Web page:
His familiar style of documentary filmmaking has bred some contempt on the part of his critics, who can't wait for his new opus, 'The National Parks.'

September 20, 2009|Scott Timberg

The documentary filmmaker Ken Burns has a story he clearly loves to tell. He was walking in New York City a few years ago -- on a date -- when he heard a man he'd just passed yell violently back at him: "What about Mingus?!" Preceding the name of the protean jazz bassist was a pungent (and unprintable) expletive.

Burns turned to his date and reassured her. "It's just about 'Jazz,' " he said, referring to his 10-part history shown on PBS in 2001, which drew big audiences and critics' complaints that he overlooked key figures.

But Burns had to laugh, privately: Charles Mingus actually had a substantial role in the program: His critic, Burns concludes, must have taken an ill-timed bathroom break.

Burns, 56, laughs good-naturedly about it now, and the phrase "What about [expletive] Mingus?!" has became a kind of mantra to him when he's accused of various narrative or cinematic crimes.

The filmmaker may need to keep this phrase handy in the next few weeks, as his new six-part documentary program -- "The National Parks: America's Best Idea" -- unrolls on PBS stations. While Burns is one of the best known and most watched documentarian of recent times, he has also acquired his share of detractors. Though he's generally respected by critics and scholars, a backlash has been building, dismissing him as middlebrow, charging that he's repeating himself, that he's too earnest, too dark or naively patriotic.

"The National Parks" will open in a far less welcoming environment than the one that greeted his breakout work, "The Civil War," in 1990.

Burns himself is confident, keyed up and personable when he talks about his projects. For "The National Parks," he engagingly quotes John Muir and Thomas Jefferson. His claims are both gracious and overreaching: "We think this film is the Declaration of Independence applied to the landscape," he says, in blue blazer and hiking boots during an interview this summer at Pasadena's Langham Huntington Hotel.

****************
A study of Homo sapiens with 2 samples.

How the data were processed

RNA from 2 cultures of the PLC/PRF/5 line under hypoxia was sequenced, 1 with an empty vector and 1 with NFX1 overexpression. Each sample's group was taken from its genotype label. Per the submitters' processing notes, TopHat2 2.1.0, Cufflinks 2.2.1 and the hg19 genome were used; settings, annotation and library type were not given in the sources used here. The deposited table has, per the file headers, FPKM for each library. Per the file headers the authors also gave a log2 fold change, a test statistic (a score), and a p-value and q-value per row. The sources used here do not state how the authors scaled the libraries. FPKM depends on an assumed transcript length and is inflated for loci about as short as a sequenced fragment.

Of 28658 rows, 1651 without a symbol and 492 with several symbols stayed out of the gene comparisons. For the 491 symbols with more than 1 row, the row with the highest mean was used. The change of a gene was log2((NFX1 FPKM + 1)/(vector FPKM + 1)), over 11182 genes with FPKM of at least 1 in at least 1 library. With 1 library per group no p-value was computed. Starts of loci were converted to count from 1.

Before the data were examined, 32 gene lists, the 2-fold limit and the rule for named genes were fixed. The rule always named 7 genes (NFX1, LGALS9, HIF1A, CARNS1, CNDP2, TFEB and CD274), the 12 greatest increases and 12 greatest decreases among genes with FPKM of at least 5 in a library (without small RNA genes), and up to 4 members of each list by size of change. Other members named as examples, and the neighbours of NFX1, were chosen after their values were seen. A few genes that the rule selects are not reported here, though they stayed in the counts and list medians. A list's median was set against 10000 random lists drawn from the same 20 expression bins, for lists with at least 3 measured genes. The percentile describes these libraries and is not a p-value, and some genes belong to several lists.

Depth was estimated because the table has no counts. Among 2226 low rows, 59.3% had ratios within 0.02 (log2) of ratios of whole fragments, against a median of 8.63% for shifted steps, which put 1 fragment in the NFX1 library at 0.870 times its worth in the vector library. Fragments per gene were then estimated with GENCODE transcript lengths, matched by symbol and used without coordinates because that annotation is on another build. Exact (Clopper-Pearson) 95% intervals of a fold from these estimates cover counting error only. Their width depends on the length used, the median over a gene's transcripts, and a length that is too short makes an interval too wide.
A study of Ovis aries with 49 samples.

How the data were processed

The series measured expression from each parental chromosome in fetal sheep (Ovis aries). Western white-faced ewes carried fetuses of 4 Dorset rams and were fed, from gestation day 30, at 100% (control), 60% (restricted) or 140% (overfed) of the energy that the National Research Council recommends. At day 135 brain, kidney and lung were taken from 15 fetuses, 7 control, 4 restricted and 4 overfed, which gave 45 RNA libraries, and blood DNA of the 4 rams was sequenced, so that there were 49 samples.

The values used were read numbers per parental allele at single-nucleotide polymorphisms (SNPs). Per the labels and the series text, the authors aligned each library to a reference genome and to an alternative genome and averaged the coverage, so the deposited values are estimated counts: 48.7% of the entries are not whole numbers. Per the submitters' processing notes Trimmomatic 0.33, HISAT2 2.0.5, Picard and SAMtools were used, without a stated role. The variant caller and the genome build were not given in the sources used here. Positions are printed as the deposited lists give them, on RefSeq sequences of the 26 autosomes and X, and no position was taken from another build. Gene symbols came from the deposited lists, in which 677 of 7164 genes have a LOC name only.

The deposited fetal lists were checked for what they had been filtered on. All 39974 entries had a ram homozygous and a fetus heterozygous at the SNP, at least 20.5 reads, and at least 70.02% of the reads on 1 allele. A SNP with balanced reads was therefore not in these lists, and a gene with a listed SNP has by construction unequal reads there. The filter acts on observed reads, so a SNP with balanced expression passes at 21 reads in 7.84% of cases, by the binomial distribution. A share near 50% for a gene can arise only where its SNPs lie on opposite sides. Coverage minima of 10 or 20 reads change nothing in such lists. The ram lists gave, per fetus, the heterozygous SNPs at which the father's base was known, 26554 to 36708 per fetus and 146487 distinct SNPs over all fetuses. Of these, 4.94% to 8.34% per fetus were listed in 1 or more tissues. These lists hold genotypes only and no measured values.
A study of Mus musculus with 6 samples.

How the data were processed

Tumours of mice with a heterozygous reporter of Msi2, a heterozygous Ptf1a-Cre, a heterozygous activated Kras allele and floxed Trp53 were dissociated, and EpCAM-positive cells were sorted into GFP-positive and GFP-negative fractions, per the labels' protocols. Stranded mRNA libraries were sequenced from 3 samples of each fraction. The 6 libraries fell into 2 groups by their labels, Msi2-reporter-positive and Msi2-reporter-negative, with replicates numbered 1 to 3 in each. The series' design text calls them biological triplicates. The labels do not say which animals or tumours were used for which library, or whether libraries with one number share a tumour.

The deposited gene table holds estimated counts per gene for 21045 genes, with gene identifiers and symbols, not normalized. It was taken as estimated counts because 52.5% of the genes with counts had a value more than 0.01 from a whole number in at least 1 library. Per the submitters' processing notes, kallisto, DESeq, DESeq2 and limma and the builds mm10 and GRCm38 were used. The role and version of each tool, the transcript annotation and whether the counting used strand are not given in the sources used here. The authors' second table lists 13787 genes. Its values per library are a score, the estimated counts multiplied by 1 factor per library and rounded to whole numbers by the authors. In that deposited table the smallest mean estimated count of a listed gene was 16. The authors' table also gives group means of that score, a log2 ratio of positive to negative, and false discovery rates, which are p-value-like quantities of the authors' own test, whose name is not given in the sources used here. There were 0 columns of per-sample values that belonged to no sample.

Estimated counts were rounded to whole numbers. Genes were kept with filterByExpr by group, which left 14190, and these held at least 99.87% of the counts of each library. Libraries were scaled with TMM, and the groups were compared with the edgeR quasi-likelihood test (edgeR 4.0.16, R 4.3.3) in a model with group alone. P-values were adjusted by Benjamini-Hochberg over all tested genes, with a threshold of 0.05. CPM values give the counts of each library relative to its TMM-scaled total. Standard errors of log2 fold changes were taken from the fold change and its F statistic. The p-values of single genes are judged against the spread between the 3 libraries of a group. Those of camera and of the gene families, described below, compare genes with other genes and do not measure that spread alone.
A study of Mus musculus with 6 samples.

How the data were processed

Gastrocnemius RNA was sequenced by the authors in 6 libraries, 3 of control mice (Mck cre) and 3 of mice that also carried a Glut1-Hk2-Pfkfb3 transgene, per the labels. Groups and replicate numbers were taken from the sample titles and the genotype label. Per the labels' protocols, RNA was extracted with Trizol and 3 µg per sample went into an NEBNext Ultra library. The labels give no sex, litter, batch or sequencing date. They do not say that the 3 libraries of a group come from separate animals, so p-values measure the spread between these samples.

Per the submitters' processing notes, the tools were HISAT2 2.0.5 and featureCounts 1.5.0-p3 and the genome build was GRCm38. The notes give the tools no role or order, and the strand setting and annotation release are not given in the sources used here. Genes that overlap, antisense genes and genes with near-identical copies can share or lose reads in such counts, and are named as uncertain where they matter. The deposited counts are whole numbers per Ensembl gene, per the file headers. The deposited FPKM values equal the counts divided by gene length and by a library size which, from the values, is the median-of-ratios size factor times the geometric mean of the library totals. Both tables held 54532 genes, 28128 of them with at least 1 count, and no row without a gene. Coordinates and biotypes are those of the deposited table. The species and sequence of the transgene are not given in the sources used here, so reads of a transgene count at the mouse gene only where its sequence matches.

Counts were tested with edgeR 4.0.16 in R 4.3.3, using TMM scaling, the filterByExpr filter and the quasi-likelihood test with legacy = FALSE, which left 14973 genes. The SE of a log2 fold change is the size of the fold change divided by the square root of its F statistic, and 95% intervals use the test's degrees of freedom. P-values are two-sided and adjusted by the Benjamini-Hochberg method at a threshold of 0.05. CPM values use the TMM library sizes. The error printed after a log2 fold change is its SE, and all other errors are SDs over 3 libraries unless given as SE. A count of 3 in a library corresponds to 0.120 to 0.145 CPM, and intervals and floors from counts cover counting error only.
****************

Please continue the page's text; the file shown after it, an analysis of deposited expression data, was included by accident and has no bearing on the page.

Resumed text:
And it's clear he feels the beauty of, say, Yosemite: "These places are not just as they were 150 years ago, when John Muir walked in, but 15,000 years ago when the ancestors of the Ahwahneechees first laid eyes on them," he says, referring to a Native American tribe.

With his enthusiasm, practiced patter and clear commitment not just to visual images but to ideas themselves, it's easy to imagine him walking into a room of potential underwriters or public broadcasting executives and knocking them dead.

Some of the criticisms Burns attracts are of the "What about Mingus?" variety. But others take aim at his central claim: that his cinematic subjects embody the American spirit, and that our democracy is unique in the world. For example, jazz is presented in his documentary as a mirror for our democracy, with the suggestion that American culture is all about improvisation.

"This sort of unreflected populist Hallmark-ese seems a strange mixture of New Deal and New Age," Tim Page wrote in the Washington Post around the time of "Jazz," "and I don't believe it for a moment."

By now, the combination of a deep, authoritative male voice, pan-and-zoom camera work over sepia-toned photographs, period music and extravagant claims about American exceptionalism have become well-known. Apple even calls a function on its iPhoto program "The Ken Burns Effect."

Of course, no artist reaches Burns' level of success and ubiquity without criticism. But there may be something about the filmmaker, and the size and scope of his projects, that earns him a special kind of antipathy, whether it's little digs on "The Simpsons" or jokes about his distinctive haircut.

Burns founded his company, Florentine Films, in 1976, just a year out of Hampshire College; in the '80s he made films about the Statue of Liberty, painter Thomas Hart Benton and other subjects. But his first stab at world domination came with "The Civil War." That five-part, 11-hour series, narrated by David McCullough, sought to establish that conflict was the key to American character.

Burns says criticism was strong even then.

"I have always been thrilled," he says, "by the extreme left, the Marxist historians, who consider the film to be hagiography about Lincoln, with not enough on the radical Congress. Legitimate. And those on the extreme right who persist in believing that this is about states' rights and not about slavery. They're wrong.

"But when you've got one percent on each fringe, and 40 million people -- the highest ratings PBS had ever had -- and then later with 'Baseball' the same thing, you realize, this is what happens. . . . It was great! It just brought more attention."


The Burns formula

Despite the carping, "The Civil War" is considered Burns' masterpiece, the subsequent films regarded as flawed each in their own way, following too closely the "Civil War" formula.